Thirteen years ago, when I was an extremely green rookie motojournalist for Hot Rod Bikes magazine, I found out about the happy marriage of Harleys and chili while wolfing down a bowl of the stuff at the annual custom bike show during the Laughlin River Run. I knew the two were a natural match but it took me a second to figure out why. Both are customizable American icons and nothing complements a long day on the road like a quick bite of good food. Why wouldn’t they be a great fit?
Fast forward to the 10th Annual Bartels Harley-Davidson Chili Cook-off in sunny Marina del Rey, California this April 21st. It’s a freestyle no-holds-barred competition set at one of the largest Harley dealerships in the world. The joint was jumping as tons of bikers stopped in to sample free chili from 13 different teams from 11 am to 3 pm.
Because the contest wasn’t sanctioned by some governing body like the National Chili Society, contestants were free to open fire with whatever heat-laden pot of meat lava they could dream up. Entries ran the whole mild-to-wild gamut; some had a hint of spice, one had more kick than a Texas mule on bath salts (I’m looking at you Black Sheep’s Super Chili). Basically, the only hard rule was, “don’t suck.” That and the teams weren’t allowed to cook anything in advance. Each was given a 10-foot space in which to set up their tent, a table, and their propane stove. Providing free samples to the public was required although if you ran short, no one blamed you for holding a little in reserve for the judging.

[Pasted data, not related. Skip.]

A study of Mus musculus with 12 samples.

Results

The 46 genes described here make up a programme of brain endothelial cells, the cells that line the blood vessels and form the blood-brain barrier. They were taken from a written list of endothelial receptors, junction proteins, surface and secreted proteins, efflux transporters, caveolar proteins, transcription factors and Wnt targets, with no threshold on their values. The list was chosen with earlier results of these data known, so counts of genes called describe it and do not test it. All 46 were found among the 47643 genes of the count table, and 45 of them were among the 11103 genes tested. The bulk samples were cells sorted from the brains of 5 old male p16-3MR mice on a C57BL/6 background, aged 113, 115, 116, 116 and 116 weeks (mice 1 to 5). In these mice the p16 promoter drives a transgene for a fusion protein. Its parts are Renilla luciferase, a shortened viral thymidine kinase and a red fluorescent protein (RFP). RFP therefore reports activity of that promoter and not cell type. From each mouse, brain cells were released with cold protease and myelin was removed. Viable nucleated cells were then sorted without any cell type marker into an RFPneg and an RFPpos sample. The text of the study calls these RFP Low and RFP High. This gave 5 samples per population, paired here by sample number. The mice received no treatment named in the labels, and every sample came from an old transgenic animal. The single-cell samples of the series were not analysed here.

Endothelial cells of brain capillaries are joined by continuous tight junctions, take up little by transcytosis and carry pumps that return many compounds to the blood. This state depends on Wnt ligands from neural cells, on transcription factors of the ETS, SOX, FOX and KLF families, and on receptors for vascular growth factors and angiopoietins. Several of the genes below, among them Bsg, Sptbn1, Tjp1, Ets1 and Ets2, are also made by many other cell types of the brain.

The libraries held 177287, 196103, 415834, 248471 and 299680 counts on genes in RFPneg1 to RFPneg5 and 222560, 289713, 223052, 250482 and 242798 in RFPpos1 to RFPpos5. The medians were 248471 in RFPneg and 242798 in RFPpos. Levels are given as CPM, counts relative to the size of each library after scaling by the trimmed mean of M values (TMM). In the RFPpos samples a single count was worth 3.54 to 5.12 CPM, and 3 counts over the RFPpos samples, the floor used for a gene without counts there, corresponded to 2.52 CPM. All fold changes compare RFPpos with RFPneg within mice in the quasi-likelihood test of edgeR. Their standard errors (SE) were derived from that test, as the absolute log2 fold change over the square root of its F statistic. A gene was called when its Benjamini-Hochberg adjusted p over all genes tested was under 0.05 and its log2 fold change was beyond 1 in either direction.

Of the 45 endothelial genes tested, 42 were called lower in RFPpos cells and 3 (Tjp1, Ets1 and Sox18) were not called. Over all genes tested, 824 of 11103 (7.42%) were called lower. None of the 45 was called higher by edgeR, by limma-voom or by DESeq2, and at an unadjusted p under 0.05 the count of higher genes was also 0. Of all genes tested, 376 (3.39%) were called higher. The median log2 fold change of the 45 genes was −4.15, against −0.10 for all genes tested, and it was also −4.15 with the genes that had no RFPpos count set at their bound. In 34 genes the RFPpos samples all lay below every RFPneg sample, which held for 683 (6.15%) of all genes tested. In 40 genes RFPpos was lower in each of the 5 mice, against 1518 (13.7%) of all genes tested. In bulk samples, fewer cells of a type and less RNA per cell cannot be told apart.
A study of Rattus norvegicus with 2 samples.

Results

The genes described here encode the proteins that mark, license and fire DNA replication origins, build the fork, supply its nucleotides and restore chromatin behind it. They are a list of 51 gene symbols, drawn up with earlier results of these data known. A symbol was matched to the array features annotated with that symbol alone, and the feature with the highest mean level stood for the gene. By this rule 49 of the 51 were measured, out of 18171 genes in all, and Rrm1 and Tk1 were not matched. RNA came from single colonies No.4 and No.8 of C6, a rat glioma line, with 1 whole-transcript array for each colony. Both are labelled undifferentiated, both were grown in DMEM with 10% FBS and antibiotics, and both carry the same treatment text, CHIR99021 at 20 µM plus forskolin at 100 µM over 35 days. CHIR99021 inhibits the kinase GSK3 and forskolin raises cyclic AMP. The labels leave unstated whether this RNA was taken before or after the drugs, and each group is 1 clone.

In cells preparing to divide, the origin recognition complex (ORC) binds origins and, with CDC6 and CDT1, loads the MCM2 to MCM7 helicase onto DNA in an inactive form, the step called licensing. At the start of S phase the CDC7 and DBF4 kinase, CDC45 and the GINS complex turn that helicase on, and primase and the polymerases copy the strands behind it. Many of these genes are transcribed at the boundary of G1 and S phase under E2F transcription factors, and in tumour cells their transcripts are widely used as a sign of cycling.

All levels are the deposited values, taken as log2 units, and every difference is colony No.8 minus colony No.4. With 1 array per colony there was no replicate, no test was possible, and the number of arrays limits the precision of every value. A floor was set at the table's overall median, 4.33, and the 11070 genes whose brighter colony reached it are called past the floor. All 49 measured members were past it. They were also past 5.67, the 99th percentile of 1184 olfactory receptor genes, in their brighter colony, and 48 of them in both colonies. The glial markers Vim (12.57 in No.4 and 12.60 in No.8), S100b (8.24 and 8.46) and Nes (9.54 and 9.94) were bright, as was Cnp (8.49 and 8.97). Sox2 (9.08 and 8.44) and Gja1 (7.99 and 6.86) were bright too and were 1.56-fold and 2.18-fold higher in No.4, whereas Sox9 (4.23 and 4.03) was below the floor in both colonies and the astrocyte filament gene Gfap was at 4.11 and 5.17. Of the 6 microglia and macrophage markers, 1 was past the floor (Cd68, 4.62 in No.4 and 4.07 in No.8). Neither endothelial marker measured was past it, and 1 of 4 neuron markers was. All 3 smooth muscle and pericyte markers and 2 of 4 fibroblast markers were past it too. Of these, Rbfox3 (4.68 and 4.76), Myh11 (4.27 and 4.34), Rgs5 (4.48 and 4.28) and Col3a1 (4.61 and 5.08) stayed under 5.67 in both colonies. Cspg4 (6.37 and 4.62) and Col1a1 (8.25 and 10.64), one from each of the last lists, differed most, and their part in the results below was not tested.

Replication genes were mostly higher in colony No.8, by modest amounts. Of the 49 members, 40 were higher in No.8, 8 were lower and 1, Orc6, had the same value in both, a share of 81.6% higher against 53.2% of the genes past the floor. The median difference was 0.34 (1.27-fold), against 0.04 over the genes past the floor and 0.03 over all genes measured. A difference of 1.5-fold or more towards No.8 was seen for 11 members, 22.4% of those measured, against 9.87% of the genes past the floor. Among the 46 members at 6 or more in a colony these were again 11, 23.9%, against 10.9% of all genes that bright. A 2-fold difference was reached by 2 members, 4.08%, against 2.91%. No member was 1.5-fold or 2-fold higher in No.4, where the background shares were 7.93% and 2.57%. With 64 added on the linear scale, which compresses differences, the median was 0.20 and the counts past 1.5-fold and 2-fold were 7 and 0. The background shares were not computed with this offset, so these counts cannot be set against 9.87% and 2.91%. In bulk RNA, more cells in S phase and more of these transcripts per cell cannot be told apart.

By the time I got there at 11:30, the place was already crowded with plenty of riders roaming the booths. Naturally, many of them had ridden in on a wide variety of iron. There were at least two early Panhead choppers, a ton of baggers (naturally), and a good general mix of stock and custom bikes. There were even a few Vespa scooters.
That afternoon, the judges got their paws on thirteen varieties of chili. Once the dust would settle, three competitors would claim Bartels gift certificates. The rest had nice big pots of yummy chili in which to drown their sorrows. And that ain’t half bad.